The peer factor: Nonsuicidal self-harm may spur copycats among teens
Adolescents who are aware of their friends’ self-injurious behaviours are at risk of the same tendencies and exhibit greater suicidality, according to a new study. Intervention efforts should also seek to target this peer influence effect in reducing suicidal behaviours among teens.
“It has been suggested that suicide may exert a contagion effect, whereby exposure to suicidal behaviours influences identical behaviours in others,” the researchers said, though it remains unclear whether such a phenomenon applies to nonsuicidal self-injuries (NSSIs), such as skin cutting or scratching.
To see whether NSSIs spurred the same behaviours in others, the researchers accessed the data of 1,483 adolescents, aged 14–17 years, from the 2014 cross-sectional, population-based Ontario Child Health Study. Logistic regression models were employed to determine whether the knowledge of a friend’s NSSIs correlated with similar self-tendencies.
Compared to boys, girls were nearly thrice as likely to report knowledge of a friend’s self-harm behaviours (33.7 percent vs 13.2 percent). They were also much more likely than boys to engage in NSSIs (11.4 percent vs 3.4 percent). [Acta Psychiatr Scand 2020;doi:10.1111/acps.13229]
Similarly, suicidal ideations (8.5 percent and 4.3 percent) and suicide attempts (4.8 percent vs 2.3 percent) were nearly twice as common in girls.
Statistical models verified these trends. The knowledge of a friend’s self-injurious behaviour encouraged the same self-tendencies in teens (odds ratio [OR], 2.89, 95 percent confidence interval [CI], 1.58–5.29).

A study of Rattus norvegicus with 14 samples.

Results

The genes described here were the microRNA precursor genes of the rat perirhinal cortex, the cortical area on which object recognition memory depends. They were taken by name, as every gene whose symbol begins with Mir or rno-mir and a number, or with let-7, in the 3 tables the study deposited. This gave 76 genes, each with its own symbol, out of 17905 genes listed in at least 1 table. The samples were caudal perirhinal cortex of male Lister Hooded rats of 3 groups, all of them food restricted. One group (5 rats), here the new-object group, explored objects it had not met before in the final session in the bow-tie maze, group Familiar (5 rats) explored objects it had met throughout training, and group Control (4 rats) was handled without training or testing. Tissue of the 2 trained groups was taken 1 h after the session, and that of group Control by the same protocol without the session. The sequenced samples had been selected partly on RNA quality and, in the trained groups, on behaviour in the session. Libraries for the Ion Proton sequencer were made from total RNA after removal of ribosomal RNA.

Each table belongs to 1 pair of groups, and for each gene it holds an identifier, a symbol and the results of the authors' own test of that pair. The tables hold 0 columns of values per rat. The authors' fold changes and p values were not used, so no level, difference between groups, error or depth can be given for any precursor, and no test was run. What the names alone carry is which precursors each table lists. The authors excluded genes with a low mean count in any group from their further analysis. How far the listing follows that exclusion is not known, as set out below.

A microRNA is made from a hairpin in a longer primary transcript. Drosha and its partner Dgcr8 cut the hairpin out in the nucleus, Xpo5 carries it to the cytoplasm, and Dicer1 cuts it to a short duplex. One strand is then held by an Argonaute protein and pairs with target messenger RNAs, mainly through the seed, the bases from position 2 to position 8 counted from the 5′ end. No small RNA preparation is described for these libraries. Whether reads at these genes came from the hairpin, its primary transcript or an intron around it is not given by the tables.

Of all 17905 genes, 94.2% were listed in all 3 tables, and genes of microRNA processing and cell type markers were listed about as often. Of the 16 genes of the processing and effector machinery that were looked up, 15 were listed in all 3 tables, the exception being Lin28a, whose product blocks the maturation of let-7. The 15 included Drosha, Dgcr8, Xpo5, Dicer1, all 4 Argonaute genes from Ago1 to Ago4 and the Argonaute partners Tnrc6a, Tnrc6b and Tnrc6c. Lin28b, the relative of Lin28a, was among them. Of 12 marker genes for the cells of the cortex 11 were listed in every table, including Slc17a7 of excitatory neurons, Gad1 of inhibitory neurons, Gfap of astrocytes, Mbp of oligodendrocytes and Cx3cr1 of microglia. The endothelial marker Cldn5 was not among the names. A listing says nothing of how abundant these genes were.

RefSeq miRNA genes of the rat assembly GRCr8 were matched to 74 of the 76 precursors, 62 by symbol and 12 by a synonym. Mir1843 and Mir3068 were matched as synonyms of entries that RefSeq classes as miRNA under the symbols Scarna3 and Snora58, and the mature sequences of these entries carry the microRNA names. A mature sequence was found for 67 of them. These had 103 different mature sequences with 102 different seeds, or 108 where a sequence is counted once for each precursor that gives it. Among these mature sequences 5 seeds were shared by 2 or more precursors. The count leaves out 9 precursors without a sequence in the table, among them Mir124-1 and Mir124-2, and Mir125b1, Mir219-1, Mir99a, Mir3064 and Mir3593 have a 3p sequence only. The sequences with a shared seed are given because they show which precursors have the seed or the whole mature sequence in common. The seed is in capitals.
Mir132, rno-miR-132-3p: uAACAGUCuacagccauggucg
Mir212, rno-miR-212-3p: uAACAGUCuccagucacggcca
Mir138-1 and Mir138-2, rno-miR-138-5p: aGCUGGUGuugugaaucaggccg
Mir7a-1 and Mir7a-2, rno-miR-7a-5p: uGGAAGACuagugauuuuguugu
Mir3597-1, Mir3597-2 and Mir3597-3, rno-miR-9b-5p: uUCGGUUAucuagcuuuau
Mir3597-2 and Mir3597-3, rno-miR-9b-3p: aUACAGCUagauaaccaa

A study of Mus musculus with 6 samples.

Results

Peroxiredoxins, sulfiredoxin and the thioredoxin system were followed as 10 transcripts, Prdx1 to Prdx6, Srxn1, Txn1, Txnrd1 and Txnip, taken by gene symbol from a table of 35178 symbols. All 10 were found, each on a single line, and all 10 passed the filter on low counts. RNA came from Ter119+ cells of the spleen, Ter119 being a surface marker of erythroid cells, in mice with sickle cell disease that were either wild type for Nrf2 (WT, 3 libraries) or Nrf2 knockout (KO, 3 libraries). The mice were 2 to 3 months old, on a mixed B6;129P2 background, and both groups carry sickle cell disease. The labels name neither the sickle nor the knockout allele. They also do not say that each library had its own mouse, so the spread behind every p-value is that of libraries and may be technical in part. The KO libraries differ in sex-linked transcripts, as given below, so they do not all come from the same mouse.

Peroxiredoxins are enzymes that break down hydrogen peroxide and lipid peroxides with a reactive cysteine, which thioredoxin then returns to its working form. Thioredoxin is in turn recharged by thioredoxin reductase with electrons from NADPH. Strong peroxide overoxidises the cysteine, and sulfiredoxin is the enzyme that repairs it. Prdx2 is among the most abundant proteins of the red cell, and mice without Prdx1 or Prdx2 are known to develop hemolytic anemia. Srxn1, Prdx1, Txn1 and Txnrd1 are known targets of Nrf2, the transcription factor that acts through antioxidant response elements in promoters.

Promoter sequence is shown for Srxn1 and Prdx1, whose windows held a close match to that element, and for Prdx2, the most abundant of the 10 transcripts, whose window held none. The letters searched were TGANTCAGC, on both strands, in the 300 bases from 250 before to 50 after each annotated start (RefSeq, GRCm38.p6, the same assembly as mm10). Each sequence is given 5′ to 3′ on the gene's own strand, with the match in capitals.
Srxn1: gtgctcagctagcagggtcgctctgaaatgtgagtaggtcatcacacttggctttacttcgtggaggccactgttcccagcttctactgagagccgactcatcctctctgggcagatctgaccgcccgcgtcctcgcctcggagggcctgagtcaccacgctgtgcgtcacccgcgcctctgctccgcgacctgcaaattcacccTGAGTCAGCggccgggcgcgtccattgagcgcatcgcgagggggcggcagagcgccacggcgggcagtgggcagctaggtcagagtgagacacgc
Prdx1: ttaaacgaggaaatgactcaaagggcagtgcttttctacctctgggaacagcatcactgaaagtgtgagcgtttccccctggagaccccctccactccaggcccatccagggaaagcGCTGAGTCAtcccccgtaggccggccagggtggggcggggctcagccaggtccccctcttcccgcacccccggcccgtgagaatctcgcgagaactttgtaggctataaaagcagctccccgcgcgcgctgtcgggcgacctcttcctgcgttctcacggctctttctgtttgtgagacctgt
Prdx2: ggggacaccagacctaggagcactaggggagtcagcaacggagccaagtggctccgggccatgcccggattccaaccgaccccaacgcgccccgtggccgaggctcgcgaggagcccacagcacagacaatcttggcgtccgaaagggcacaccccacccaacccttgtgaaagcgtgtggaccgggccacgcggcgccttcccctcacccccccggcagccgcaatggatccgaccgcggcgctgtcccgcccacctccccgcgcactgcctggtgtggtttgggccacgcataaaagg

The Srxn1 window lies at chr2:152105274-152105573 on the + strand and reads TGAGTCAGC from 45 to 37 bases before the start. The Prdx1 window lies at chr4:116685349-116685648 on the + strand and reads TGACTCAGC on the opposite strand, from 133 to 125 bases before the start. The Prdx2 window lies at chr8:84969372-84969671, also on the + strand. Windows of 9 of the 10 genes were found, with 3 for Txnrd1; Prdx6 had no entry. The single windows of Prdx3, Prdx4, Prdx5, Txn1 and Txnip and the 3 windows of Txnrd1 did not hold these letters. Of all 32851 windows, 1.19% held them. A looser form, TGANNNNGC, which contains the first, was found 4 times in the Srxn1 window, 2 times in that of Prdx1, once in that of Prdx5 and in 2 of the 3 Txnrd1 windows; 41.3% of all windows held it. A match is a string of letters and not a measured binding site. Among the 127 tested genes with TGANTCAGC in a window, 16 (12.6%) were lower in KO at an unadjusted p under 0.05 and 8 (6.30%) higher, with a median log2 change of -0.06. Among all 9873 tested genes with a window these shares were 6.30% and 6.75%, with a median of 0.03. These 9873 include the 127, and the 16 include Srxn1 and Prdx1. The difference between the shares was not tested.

Notably, this remained true and strong even after adjusting for mental disorders. The contagion effect was significant for NSSIs (OR, 2.03, 95 percent CI, 1.05–3.90), suicidal ideation (OR, 3.09, 95 percent CI, 1.50–6.30), and suicide attempts (OR, 2.87, 95 percent CI, 1.20–6.87).
Self NSSIs and suicidal behaviours did not correlate significantly with age, sex, or mental disorders.
“[O]ur results present evidence of an apparent contagion effect of NSSI in peer groups in the general population,” said the researchers, explaining that this phenomenon may happen through social learning, where even just discussing NSSIs with peers might reinforce the same behaviours and tendencies in an adolescent.
Alternatively, several papers have suggested that teens with similar attitudes, personalities, and tendencies are more likely to associate with each other. This phenomenon, called the theory of assortative relating, posits that those who are already at risk of self-injurious behaviours may cluster with other similarly at-risk people. Further studies are needed to more clearly see the mechanisms underlying the contagion effect in NSSIs. [Curr Dir Psychol Sci 1999;8:89-92; PLoS One 2014;doi:10.1371/journal.pone.0108724]
“Given the socialization effect of NSSI in adolescent friend groups, psychoeducation, such as training in resistance to peer pressure, may help protect adolescents from NSSI contagion,” the researchers said, adding that “changing social norms to reduce the normalization and acceptability of NSSI and suicidal behaviours may alleviate susceptibility to NSSI contagion effects.”
“Targeted intervention/postvention among adolescents exposed to NSSI may be effective in reducing self-harm and suicidal behaviours,” they said.